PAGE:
The Weekly Newspaper serving the citizens of Morenci, Mich., Fayette, Ohio, and surrounding areas.

  • KayseInField
    IN THE FIELD—2004 Morenci graduate Kayse Onweller works in a test plot of wheat in Texas. She’s part of Bayer CropScience’s North American wheat breeding program based in Nebraska, where she completed post-graduate work in plant breeding and genetics.
  • Front.winner
    REFEREE Camden Miller raises the hand of Morenci Jr. Dawgs wrestler Ryder Ryan as his opponent leaves the mat in disappointment. Morenci’s youth wrestling program served as host for a tournament Saturday morning to raise money for the club. Additional photos are on the back page.
  • Front.bank.2
    SHERWOOD STATE Bank opened its Fayette office at a grand opening Friday morning, drawing a large crowd to view the renovated building. Above, Burt Blue talks to teller Cindy Funk, while his wife, Jackie, looks around the new office. The Blues missed the opening and took a quick tour on Tuesday. Few traces remain of the former grocery store and theater, however, part of the original brick wall still shows in the hallway leading to the back of the building. The drive-through window should be ready for customers later in the month.
  • Front.carry.casket
    CARRYING—Riley Terry (blue jacket) and Mason Vaughn lead the way, carrying an empty casket outside to the hearse waiting at the curb. Morenci juniors and seniors visited Eagle Funeral Home last week to learn about the role of a funeral director and to understand the process of arranging for a funeral.
  • Front.lift
    MORENCI student Dalton McCowan puts everything into a dead lift attempt Saturday morning during the Wyseguy Push/Pull event. Lifters helped raise more than $1,600 for the family of the late Devin Wyse, a former Morenci power-lifter who graduated last year. Commemorative T-shirts are still available by contacting teacher Dan Hoffman.
  • Front.make.three
    FROM THE LEFT, Landon Wilkins, Ryan White and Logan Blaker try out their artistic skills Saturday afternoon at the Morenci PTO’s first Date to Create event. More than 50 people showed up to create decorated planks of wood to hang from rope. The event served as a fund-raiser for miscellaneous PTO projects. Additional photos are on the back of this week’s Observer.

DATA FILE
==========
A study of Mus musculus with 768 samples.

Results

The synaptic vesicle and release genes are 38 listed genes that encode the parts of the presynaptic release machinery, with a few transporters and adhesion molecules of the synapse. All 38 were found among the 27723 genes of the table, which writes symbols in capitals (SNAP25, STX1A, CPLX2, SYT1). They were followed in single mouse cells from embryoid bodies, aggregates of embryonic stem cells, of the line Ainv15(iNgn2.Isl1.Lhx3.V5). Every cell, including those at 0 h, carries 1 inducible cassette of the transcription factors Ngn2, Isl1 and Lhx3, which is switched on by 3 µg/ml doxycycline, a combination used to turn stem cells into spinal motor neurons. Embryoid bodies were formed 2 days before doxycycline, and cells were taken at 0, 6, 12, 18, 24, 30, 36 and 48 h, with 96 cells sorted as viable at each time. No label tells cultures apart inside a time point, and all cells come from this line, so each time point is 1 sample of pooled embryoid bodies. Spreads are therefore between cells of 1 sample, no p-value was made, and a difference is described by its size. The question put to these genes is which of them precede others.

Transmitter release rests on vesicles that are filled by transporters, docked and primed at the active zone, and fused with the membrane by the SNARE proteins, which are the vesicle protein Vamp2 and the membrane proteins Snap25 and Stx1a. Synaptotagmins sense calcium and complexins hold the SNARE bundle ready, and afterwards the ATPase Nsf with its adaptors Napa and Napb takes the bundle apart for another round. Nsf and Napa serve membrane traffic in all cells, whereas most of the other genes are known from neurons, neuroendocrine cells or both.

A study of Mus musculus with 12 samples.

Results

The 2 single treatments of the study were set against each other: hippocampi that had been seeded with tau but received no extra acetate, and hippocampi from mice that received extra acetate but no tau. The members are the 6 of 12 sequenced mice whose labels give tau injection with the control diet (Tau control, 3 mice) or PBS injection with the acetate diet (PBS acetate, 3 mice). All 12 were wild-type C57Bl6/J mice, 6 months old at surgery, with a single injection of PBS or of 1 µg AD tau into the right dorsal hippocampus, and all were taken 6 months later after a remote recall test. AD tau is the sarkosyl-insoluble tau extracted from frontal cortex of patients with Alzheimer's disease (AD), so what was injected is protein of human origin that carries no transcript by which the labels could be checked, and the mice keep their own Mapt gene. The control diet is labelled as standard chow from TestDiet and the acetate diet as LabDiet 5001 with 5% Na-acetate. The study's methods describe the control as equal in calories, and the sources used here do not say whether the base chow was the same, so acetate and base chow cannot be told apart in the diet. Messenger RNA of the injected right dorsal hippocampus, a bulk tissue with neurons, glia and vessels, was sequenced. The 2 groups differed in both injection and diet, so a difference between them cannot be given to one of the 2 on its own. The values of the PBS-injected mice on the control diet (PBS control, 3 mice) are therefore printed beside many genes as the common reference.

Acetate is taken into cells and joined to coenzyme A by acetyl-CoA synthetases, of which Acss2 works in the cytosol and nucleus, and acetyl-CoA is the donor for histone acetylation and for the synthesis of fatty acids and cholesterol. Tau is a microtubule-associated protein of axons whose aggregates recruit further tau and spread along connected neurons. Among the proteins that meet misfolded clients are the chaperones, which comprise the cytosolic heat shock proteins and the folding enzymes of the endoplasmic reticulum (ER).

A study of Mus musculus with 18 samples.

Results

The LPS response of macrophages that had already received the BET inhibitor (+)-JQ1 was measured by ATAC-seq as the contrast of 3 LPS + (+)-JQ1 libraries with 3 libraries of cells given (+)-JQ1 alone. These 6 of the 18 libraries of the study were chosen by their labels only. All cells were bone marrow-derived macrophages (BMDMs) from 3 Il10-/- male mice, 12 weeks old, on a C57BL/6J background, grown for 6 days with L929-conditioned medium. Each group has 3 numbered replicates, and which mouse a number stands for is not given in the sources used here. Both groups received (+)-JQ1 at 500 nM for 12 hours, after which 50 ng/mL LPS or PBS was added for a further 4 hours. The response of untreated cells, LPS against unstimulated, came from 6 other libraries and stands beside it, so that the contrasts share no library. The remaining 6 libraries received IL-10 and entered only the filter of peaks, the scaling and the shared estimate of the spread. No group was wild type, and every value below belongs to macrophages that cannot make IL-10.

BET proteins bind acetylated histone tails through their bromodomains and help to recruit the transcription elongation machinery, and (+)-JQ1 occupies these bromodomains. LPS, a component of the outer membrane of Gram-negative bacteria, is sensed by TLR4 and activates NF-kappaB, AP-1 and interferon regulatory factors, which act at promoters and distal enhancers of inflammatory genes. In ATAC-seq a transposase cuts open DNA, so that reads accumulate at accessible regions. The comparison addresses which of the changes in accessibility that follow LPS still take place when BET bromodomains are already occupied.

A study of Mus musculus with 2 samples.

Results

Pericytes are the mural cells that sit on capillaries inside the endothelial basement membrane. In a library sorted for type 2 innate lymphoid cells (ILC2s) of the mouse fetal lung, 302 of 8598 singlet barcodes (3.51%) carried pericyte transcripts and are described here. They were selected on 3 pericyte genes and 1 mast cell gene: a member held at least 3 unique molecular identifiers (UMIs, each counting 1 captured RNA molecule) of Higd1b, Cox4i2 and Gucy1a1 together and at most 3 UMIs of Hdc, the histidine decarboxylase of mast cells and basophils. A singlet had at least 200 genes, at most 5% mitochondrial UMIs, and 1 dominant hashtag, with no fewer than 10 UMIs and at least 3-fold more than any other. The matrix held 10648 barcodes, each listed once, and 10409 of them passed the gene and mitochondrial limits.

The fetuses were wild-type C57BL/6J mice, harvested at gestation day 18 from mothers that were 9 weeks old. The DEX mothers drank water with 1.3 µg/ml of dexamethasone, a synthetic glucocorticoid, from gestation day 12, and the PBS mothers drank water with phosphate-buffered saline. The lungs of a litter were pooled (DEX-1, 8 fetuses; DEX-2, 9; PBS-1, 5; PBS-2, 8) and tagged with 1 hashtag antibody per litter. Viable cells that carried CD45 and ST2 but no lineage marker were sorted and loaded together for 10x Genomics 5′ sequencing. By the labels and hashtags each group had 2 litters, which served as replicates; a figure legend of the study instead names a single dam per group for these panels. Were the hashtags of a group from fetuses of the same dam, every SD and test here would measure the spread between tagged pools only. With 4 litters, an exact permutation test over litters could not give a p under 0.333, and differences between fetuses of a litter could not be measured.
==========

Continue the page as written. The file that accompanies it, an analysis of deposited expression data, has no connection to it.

• Front.F.office
    NEW OFFICES—Fayette village administrator Steve Blue speaks with tax administrator Genna Biddix at the new front desk of the village office. Village council members voted to use budgeted renovation funds targeted for the old office and instead buy the vacant bank building on the corner of Main and Fayette streets. The old office was sold to Sherwood State Bank. When everything is put into place in the spacious new village office, an open house will be scheduled. Council member David Wheeler donated all of his time needed to make changes in the bank interior to fit the Village’s needs.

Imagination Library 01.20.2010

Written by David Green.

Sitting on the lap of your mother or father, listening to a book being read—it’s a warm, cozy activity that many adults remember with fondness.

Count Dolly Parton among those who treasure the memory. Her Dollywood Foundation has delivered millions of books to children across the country in hopes that they, too, will enjoy reading time on a parent’s lap.

The Dolly Parton Imagination Library has arrived in Lenawee County through an effort by the Lenawee Community Foundation.

Any child up through age five is eligible to receive a free hardcover book every month of the year. When a child is enrolled, the Dollywood Foundation first sends a copy of “The Little Engine that Could.” At the end of a child’s eligibility period, “Look Out Kindergarten, Here I Come!” arrives at a child’s home.

Parton’s project started in 1996 in her home area of the Smoky Mountains, but in 2008 she made the Imagination Library a nation-wide effort.

Sue Hammersmith and Shelley Hickman of the Lenawee Community Foundation started organizing a local Imagination Library in 2008. They spoke with service groups and individuals raised $46,000 for initial funding, plus a $5,000 endowment fund. Earlier this month, more than 460 children were enrolled.

The cost of the program is $30 a year for each child, although no families are charged a fee. Donations are gratefully accepted from those able to give.

The Lenawee Community Foundation is working in partnership with the county’s six community libraries, including Morenci’s Stair Public Library, in addition to the county library and its five branches.

Parents can enroll children at any library. The cost of the books are paid through donations in local communities; the books are mailed to children directly from the Dollywood Foundation.

It’s not only the enjoyable experience for children that Hammersmith is looking for through the effort. She also expecting to see academic improvements among children involved.

“We believe the Lenawee Imagination Library can increase school success by helping to prepare children to learn in kindergarten and beyond,” she said.